LAST summer, the federal government demanded, based on an obscure audit rule, that Washington state tear up its public mental-health system and effectively open up vital services to privatization.

After pushback from the state attorney general, the demand was rescinded — to the relief of many. Washington’s mental-health system has problems, but bureaucratic foot stomping by the federal Centers for Medicare & Medicaid Services wasn’t helpful.

Nonetheless, the episode may prove, in part, to be a blessing in disguise. The federal demand helped prompt Gov. Jay Inslee’s administration to propose broader reform, involving integration of the public mental-health system with chemical-dependency treatment and primary care.

Those ideas have been talked about for a while, but are now working their way through the state Legislature. The Senate version, SB 6312, and House version, HB 2639, have different approaches but a shared vision. Both have strong bipartisan support.


Breaking down these silos is complicated but feasible. The state has a big incentive to do this work. It would reduce the incidence of people with serious mental illness dying earlier — on average by 25 years — than the general population, largely because of preventable illnesses.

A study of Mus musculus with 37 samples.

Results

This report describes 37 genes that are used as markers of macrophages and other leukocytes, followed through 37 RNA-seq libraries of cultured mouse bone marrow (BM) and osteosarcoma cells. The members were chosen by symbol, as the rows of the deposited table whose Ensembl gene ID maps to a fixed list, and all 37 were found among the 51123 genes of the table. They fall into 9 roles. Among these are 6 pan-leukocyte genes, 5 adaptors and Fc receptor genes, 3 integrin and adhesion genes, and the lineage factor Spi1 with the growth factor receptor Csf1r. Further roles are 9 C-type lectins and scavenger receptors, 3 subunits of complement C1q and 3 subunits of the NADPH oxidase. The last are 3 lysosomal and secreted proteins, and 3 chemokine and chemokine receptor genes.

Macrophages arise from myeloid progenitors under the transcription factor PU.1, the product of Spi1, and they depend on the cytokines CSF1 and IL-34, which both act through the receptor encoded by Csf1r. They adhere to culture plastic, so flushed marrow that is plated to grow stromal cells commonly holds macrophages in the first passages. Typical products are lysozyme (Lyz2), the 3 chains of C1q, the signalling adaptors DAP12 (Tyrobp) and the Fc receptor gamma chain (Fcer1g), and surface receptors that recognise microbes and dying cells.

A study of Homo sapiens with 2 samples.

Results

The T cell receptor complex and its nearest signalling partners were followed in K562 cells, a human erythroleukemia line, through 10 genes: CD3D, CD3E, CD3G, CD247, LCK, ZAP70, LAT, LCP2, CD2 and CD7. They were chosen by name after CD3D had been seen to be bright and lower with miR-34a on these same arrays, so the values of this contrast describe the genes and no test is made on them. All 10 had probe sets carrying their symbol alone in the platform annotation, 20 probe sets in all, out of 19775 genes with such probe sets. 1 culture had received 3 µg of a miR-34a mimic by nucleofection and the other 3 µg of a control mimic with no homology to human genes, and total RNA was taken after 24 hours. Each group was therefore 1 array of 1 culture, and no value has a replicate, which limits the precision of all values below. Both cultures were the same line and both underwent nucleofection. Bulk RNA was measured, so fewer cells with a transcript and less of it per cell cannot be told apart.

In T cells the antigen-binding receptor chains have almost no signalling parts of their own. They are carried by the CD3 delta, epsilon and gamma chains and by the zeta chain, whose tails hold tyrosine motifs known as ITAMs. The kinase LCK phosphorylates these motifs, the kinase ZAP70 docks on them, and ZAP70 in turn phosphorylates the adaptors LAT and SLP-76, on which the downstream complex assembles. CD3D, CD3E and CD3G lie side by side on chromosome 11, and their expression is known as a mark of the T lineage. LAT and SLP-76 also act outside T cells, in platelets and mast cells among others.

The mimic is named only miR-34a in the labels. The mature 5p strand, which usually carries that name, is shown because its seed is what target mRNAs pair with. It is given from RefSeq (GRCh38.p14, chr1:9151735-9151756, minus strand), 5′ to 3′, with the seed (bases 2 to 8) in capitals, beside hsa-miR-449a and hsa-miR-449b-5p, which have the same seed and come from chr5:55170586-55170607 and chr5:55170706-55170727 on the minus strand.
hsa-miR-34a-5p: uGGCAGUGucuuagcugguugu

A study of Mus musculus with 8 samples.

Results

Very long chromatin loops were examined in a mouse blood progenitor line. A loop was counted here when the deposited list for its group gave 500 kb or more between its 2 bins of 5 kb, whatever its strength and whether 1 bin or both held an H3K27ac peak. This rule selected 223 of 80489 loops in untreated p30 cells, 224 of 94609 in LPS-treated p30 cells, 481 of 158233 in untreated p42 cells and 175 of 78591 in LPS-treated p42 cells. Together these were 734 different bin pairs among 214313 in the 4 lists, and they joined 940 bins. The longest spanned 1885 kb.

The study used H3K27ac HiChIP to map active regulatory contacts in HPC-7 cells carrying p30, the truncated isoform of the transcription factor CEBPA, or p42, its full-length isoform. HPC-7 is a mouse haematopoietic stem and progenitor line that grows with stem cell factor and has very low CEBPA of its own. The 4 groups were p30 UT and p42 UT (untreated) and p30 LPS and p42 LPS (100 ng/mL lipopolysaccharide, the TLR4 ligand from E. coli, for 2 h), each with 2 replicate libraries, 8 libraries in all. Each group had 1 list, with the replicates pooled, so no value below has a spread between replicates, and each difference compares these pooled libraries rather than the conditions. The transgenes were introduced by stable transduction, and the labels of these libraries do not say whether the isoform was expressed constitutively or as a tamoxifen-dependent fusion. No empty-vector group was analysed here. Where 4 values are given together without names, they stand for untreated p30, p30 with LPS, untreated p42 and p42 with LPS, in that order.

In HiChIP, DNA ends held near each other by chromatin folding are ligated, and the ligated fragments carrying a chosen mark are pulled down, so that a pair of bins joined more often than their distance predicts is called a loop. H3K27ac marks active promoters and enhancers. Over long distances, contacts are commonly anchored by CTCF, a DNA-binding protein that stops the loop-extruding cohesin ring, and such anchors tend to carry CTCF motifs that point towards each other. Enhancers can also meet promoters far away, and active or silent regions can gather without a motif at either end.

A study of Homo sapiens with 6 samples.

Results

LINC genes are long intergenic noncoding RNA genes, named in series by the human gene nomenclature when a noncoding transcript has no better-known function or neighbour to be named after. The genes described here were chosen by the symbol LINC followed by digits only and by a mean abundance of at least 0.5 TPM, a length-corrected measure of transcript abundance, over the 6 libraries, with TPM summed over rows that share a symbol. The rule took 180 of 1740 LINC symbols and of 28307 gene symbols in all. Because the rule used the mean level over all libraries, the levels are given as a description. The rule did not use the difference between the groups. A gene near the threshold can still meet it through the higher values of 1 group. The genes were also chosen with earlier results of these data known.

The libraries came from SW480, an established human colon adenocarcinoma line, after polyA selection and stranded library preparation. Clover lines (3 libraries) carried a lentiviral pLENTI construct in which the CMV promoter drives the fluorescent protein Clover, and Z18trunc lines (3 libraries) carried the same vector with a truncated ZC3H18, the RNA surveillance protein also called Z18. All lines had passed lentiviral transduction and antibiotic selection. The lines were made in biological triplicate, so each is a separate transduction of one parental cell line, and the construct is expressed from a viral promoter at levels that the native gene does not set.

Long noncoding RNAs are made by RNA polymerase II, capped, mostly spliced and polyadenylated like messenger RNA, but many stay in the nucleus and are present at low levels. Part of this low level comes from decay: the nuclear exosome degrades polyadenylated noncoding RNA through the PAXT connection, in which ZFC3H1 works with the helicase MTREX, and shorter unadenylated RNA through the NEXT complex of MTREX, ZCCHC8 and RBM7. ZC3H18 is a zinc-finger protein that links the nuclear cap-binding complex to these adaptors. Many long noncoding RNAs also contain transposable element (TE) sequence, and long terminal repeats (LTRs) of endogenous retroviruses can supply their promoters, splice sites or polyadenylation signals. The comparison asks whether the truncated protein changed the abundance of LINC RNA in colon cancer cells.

Elsewhere, integration of behavioral health and primary care has saved money, partly due to lower use of emergency care, and has produced better health. Several mental-health providers, including Navos in West Seattle, have already opened primary-care clinics within outpatient psychiatric facilities.

The 2013 Legislature planted the seeds for integration, via a task force to re-examine the mental-health and chemical-dependency systems, and by setting much-needed performance measures for these systems. The proposals in the Legislature build on that ongoing work.

Integration of these services is fundamental government reform — potentially saving taxpayers money while offering better health care to some of the state’s most vulnerable citizens. That should be a strong incentive for the Legislature, in the remaining weeks of the session, to get it done.

Editorial board members are editorial page editor Kate Riley, Frank A. Blethen, Ryan Blethen, Sharon Pian Chan, Lance Dickie, Jonathan Martin, Thanh Tan, William K. Blethen (emeritus) and Robert C. Blethen (emeritus).